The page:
On Monday, U.S. markets closed sharply lower and were headed for their worst quarter in 4 years as worried investors watched slumping Chinese economy and its potential effect on the timing of the Fed’s interest rate hike.
Among major benchmark indexes, the Nasdaq composite lost 3%, S&P 500 slumped more than 2% while Dow Jones Industrial Average suffered a loss of more than 300 points .
Most of the damage was caused by biotech and pharmaceutical stocks after some Democratic lawmakers criticized “massive” increase in prices of two heart drugs. The Democratic presidential candidate Hillary Clinton had already thrown the gauntlet in the ring against such “price gouging” by pharma companies.
The Nasdaq biotechnology index, NBI lost 6%, which was its worst single session drop since 2011. The index has lost heavily last week also when Hillary Clinton had criticized drug pricing.
On Monday, profits at Chinese industrial companies fell by 8.8%, thus increasing worries about the state of world’s second largest economy. This dismal report pushed down shares of energy and of raw material producing companies. Oil prices also dropped by more than 2%.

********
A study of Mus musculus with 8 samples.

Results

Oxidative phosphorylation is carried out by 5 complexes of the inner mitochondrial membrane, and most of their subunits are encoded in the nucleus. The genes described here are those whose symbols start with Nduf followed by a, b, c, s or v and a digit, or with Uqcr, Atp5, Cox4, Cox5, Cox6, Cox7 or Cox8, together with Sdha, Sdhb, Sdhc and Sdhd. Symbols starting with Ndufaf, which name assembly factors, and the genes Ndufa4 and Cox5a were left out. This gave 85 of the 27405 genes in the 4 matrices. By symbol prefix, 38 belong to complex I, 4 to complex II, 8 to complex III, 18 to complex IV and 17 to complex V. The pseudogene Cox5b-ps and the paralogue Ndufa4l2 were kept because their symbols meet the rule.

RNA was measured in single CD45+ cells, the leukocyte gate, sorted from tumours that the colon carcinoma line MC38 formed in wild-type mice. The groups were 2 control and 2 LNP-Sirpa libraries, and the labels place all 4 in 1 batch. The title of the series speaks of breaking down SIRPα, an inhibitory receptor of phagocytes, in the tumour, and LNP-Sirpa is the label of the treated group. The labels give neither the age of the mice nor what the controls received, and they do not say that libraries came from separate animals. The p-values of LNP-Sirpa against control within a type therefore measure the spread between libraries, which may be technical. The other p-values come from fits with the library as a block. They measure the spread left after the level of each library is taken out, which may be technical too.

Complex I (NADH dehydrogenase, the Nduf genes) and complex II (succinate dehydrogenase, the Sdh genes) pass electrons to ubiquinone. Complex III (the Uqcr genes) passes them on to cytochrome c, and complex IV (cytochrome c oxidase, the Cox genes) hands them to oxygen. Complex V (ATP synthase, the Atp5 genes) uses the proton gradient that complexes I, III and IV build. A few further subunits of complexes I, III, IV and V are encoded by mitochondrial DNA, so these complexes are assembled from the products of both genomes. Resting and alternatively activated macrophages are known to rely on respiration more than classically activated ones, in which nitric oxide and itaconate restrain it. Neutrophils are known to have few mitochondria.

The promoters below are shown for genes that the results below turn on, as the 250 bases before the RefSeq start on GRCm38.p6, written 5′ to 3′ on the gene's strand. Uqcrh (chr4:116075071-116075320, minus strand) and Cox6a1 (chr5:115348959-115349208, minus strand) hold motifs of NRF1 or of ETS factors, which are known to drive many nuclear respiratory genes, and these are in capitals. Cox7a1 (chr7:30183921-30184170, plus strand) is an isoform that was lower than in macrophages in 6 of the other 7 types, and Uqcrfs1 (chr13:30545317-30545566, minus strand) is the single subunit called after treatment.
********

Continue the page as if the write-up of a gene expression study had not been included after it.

Although the U.S. economy delivered some healthy reports, as the U.S. consumer spending grew more than estimated in August. This helped boost talks of an interest hike by the Fed this year.
The Federal Reserve had left is interest rates unchanged in its September meeting, citing concerns about the global economy, especially China, among other economic factors.
Still, after that meeting many FOMC members publicly advocated a rate hike this year. Even the Fed Chair Janet Yellen personally supported a rate hike this year in one of her public speech.
On Monday, the New York Federal Reserve President William Dudley indicated that the central bank could start raising its rates as soon as October.
Many other Fed officials are scheduled to deliver public speeches during this week, including Chair Janet Yellen who will be speaking on Wednesday.
On Friday, investors will watch out for September non-farm payrolls data.